Scientists Work To Keep Hubble Telescope Functioning After Another Gyroscope Fails

Scientists Work To Keep Hubble Telescope Functioning After Another Gyroscope Fails

The Hubble Space Telescope entered safe mode over the weekend as scientists figure out what to do after a component failed. But it isn’t the end of the famous telescope’s life just yet.

It’s frustrating, of course, when a much-loved piece of technology such as Hubble shows its mortality. But given the importance of the mission, scientists have a plan for what’s next to keep the telescope functioning before its successor, the James Webb Space Telescope, takes flight.

Yesterday morning, Hubble Space Telescope deputy mission head Rachel Osten confirmed rumours on Twitter that another of the telescope’s six gyroscopes failed. The gyroscopes allow the telescope, which has been in low Earth orbit since 1990, to sense rotation and stabilise itself.

It’s been a “very stressful weekend,” Osten tweeted, but there are plans in place so that the telescope can continue observing the cosmos.

Hubble needs three of its gyroscopes to work in order to continue normal operations. The BBC reports that it has three older and three newer ones. The failed gyro is the last of the older ones. NASA Goddard and Space Telescope Science Institute scientists are attempting to turn another of the newer gyros back on, but it’s acting squirrelly.

These gyroscopes have a maximum lifetime and have been subject to replacement during previous Hubble repair missions. The failed gyro already exceeded its lifetime by six months, according to Osten, and there were plans to turn it off months ago. If only two gyroscopes remain, the Hubble team will operate the telescope using only one, in order to maximise the possible observing time.

“Hubble is one of the greatest scientific missions in history, and has performed brilliantly for 28 years,” Grant Tremblay, astrophysicist at the Harvard-Smithsonian Center for Astrophysics, told Gizmodo.

“Part of the reason for that is that the scientists and engineers who control HST are expert at maximising the lifetime of the facility. Gyro failures were always going to happen, and are completely unsurprising. There are many pathways that will lead to several more years of great science from Hubble.”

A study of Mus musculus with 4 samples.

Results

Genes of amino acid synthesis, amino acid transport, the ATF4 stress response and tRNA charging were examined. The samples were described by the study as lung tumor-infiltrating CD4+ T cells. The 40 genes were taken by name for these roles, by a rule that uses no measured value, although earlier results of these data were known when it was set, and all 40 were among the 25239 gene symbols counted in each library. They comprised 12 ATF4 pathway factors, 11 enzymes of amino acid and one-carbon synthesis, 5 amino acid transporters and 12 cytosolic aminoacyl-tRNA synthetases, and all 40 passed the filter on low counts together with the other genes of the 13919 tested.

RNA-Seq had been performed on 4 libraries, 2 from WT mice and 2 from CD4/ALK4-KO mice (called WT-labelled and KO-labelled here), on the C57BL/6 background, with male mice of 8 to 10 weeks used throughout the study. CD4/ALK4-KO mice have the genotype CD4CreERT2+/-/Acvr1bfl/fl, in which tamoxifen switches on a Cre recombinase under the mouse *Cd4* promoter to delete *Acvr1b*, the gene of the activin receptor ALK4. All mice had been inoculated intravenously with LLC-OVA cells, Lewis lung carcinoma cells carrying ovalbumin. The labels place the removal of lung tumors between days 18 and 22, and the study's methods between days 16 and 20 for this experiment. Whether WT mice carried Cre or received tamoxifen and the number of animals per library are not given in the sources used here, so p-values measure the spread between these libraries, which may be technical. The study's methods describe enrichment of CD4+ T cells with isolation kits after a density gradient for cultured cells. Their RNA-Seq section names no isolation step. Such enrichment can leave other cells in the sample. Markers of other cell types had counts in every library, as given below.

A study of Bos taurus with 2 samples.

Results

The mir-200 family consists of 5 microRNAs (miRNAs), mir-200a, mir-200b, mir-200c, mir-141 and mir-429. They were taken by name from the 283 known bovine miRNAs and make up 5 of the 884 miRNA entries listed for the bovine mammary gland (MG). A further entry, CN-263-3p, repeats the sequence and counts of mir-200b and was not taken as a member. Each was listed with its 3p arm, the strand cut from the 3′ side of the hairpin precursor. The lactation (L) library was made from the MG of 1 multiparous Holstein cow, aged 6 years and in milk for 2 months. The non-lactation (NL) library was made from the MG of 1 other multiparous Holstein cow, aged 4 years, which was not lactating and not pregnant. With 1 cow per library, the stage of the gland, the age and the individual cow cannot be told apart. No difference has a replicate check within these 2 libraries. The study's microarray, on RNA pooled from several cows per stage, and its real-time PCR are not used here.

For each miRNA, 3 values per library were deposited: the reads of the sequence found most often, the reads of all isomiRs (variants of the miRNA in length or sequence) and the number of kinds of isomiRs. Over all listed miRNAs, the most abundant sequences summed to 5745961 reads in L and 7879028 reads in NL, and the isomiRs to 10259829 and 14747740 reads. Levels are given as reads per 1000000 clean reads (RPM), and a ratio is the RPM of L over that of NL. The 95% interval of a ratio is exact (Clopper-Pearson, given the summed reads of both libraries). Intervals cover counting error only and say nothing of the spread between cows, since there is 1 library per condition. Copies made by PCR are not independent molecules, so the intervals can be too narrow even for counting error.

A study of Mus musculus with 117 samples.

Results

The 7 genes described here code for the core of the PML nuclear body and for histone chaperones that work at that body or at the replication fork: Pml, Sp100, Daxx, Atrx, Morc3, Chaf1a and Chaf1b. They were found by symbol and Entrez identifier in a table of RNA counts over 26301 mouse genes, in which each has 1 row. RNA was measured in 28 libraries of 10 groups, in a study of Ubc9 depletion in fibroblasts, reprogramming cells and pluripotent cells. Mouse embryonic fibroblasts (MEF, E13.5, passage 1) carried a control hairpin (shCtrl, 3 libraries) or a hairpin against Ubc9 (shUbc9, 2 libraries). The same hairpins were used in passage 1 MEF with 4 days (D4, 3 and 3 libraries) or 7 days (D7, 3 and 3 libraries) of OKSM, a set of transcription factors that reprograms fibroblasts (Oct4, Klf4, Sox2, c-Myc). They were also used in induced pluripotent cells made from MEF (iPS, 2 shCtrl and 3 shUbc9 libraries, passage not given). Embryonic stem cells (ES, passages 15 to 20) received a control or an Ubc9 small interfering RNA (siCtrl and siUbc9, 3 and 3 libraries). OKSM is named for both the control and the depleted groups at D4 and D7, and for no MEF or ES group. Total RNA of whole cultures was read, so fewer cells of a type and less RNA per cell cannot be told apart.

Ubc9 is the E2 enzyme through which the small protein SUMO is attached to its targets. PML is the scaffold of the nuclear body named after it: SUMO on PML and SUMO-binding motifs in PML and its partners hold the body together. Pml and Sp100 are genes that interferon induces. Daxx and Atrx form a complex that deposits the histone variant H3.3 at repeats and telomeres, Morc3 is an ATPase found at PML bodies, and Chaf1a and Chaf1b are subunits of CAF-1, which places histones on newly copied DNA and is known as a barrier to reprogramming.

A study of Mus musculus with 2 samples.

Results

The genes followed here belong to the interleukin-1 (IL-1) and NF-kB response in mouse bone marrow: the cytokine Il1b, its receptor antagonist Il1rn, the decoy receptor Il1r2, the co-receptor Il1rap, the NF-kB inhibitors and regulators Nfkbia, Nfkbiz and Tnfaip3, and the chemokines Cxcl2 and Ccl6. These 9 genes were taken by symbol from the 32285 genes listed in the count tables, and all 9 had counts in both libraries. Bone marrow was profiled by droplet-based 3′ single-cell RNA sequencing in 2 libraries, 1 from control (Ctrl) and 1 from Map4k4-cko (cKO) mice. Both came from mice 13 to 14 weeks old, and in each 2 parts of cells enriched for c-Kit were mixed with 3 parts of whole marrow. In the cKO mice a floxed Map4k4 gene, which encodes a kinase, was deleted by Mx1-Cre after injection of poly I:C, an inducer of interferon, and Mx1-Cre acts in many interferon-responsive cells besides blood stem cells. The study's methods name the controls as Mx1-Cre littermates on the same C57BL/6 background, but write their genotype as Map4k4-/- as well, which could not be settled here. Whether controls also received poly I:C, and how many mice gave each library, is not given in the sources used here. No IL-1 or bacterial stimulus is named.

The BBC reported that one-gyroscope operation might place some limits on where the telescope can point, and that it might take longer to move the telescope between targets. Gizmodo reached out to Osten and NASA Goddard for comment but had not heard back at time of writing.

Kenneth Sembach, director of the Space Telescope Science Institute, told Gizmodo that Hubble will remain in safe mode for “a little while”, with science operations offline this week, while the team does a thorough investigation. But it isn’t an unexpected issue.

“I think everyone expected that we’d encounter gyro problems along the way,” he said. “That’s been the tradition with Hubble.”

He reminded us that the telescope can operate for many more years in reduced gyro mode. It’s “absolutely the plan” to operate Hubble as long as it can, perhaps until 2025 or later. Though this is the space industry and unexpected things happen, “I would never bet against Hubble.”

The ageing Hubble still has work to do. Its successor, The James Webb Space Telescope, has faced numerous delays and is now slated for a 2021 launch.

But some have suggested another servicing mission to keep Hubble functioning even after the launch of the JWST. Having both telescopes in orbit would be useful, because Hubble detects mainly visible and ultraviolet light, while JWST detects mainly in infrared.

There’s no need to worry about Hubble’s existence just yet. The telescope is getting older, and that means that parts are starting to fail, but scientists are working to bring back a third gyro or work with a contingency plan.